The article “Did dementia lead to violence?” in The Bee (July 5) was a tragic but poignant reminder of the ravages of the disease on its sufferers’ loved ones. The story’s comprehensive description of three harrowing instances of extreme violence, allegedly perpetrated by three older men with dementia on their wives, lays bare a very rare but serious consequence of dementia.
Missing from the vivid portrayals was a more nuanced understanding of how the brains of these individuals were affected by their diseases and how those brain changes can lead to such tragic acts.
Unfortunately, focusing on acts of extreme violence committed by demented individuals subverts meaningful discussion of the more common – and uncommonly taxing – behavioral changes that weigh so heavily on those caring for loved ones with dementia, at a cost to the U.S. medical system in the billions of dollars.
Dementia is commonplace. Its prevalence increases dramatically after age 65. The oldest of the old, people 85 and older, is one of the fastest-growing segments of the U.S. population. More than 1 in 4 individuals 85 and older is demented.
Dementia has many causes. Loss of memory in dementia is well-known, but less well-known and understood are subtle changes that commonly affect other aspects of behavior, such as difficulty understanding others, difficulty expressing one’s wants and needs, and trouble recognizing – and sometimes even fearing – one’s caregivers.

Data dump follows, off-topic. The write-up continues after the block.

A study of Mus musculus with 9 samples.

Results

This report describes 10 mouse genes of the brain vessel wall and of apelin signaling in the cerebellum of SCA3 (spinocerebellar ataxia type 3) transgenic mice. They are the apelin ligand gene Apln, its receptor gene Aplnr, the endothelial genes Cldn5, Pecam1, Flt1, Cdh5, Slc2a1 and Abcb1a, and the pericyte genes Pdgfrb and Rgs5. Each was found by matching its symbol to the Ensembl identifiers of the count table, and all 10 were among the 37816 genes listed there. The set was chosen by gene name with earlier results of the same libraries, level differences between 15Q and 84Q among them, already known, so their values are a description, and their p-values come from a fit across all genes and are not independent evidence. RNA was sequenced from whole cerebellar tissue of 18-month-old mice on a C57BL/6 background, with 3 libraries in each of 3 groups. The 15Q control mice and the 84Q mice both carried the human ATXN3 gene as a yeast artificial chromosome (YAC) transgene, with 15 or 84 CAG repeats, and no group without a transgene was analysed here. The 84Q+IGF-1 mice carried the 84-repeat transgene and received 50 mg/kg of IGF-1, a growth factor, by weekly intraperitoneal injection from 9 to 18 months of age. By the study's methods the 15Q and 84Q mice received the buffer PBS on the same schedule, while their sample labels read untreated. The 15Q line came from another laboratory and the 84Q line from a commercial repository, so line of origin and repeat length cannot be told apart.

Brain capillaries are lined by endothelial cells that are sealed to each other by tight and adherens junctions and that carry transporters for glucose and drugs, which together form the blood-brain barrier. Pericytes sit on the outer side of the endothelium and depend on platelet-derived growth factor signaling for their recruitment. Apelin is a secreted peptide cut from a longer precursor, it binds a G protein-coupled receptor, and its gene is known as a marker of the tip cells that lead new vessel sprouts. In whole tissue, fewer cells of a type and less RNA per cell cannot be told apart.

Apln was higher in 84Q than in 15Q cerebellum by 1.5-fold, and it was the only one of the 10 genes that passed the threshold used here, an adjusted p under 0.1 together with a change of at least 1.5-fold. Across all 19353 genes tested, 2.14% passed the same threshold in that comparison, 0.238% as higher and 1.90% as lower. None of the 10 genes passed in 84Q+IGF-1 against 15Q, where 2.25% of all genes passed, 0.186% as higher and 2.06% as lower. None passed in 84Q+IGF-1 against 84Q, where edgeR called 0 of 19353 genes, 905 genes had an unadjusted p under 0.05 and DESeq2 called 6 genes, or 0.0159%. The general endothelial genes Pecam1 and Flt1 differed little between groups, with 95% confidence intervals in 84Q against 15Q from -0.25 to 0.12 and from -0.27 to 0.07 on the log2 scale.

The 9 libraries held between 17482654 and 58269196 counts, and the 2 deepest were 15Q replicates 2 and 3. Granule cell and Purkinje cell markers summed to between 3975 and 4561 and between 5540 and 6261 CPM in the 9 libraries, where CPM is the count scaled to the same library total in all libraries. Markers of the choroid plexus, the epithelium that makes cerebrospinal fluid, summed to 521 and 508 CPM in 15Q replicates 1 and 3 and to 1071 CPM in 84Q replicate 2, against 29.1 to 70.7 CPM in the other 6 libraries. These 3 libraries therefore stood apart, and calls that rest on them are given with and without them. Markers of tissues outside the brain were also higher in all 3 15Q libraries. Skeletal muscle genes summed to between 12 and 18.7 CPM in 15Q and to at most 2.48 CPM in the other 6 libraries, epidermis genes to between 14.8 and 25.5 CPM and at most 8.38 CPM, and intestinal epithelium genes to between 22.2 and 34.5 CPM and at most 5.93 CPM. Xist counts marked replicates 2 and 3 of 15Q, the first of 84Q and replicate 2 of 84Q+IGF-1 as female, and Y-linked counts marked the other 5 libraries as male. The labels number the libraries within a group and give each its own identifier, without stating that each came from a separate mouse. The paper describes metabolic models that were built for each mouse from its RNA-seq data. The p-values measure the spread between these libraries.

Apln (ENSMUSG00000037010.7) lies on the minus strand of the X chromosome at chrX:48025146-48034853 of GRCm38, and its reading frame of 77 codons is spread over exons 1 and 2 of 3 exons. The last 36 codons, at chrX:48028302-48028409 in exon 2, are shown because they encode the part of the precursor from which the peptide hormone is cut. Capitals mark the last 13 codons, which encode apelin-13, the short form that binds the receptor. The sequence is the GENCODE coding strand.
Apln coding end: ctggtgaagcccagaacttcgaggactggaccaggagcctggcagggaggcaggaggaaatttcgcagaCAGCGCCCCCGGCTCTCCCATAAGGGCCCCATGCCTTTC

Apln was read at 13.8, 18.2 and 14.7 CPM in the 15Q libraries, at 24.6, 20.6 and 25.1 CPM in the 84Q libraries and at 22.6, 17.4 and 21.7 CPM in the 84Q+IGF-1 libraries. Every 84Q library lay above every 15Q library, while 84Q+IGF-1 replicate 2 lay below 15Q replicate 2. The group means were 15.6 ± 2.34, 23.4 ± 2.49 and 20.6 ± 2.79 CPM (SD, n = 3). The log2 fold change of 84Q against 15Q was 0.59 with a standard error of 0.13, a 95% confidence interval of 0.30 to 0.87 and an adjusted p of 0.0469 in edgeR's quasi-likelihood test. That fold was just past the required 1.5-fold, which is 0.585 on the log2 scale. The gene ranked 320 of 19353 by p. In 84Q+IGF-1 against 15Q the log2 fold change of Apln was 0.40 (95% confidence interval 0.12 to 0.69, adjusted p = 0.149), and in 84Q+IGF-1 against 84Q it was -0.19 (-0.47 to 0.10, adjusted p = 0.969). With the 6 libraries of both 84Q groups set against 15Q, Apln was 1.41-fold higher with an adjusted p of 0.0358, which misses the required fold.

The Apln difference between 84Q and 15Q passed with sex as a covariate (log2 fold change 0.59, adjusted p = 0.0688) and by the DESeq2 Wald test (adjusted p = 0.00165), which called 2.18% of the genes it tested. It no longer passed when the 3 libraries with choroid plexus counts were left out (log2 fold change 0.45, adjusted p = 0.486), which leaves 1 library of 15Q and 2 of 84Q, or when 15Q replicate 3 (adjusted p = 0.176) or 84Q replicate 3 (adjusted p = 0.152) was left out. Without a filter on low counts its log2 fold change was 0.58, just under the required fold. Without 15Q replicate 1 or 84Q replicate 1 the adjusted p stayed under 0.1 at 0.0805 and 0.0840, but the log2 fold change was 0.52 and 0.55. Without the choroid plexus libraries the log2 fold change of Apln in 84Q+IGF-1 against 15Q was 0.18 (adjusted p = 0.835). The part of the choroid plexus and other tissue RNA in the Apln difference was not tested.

Dementia patients often slip back and forth between current events and childhood experiences, leading to confusion and severe anxiety because they have lost the concept of time. Individuals with dementia suffer these symptoms because of injuries to various parts of their brains.
These behavioral changes are not under their control. Their symptoms can be treated effectively, but this requires a coordinated effort between physicians, knowledgeable support staff and caregivers. Unfortunately, our current health care environment does not support such an approach. The primary care physician, to whom many of these issues initially are presented, often is underinformed regarding how to best manage some of the more complicated problems that arise and may have a limited ability to effectively educate patients’ caregivers within the time constrains of the typical office visit.
Referral to a specialist often proves only marginally more helpful. While specialists are better trained in diagnosing dementia and identifying the specific cause or causes, they often are neither trained in symptom management nor able to commit the time needed to fully manage the ongoing, and often changing, needs of the patient and their caregivers.
Consequently, the day-to-day management of these behavioral symptoms falls on the caregivers who often are employed and may have additional caregiving responsibilities with other family members. The result is a stressful environment with frequent emergency room visits, undermedication or overmedication, guilt and inconsistent care for the patient and support for their caregivers.
Would a comprehensive approach to behavioral management have prevented the heinous events described in The Bee’s article? I don’t know, but I am certain that it would vastly improve the lives of the millions of individuals who struggle with dementia and their caregivers.
What we need is a health care infrastructure to care for these individuals before their symptoms turn to violence. It is a safe and fiscally wise choice.
Charles DeCarli is the director of the UC Davis Alzheimer’s Disease Center and a professor at the UC Davis School of Medicine.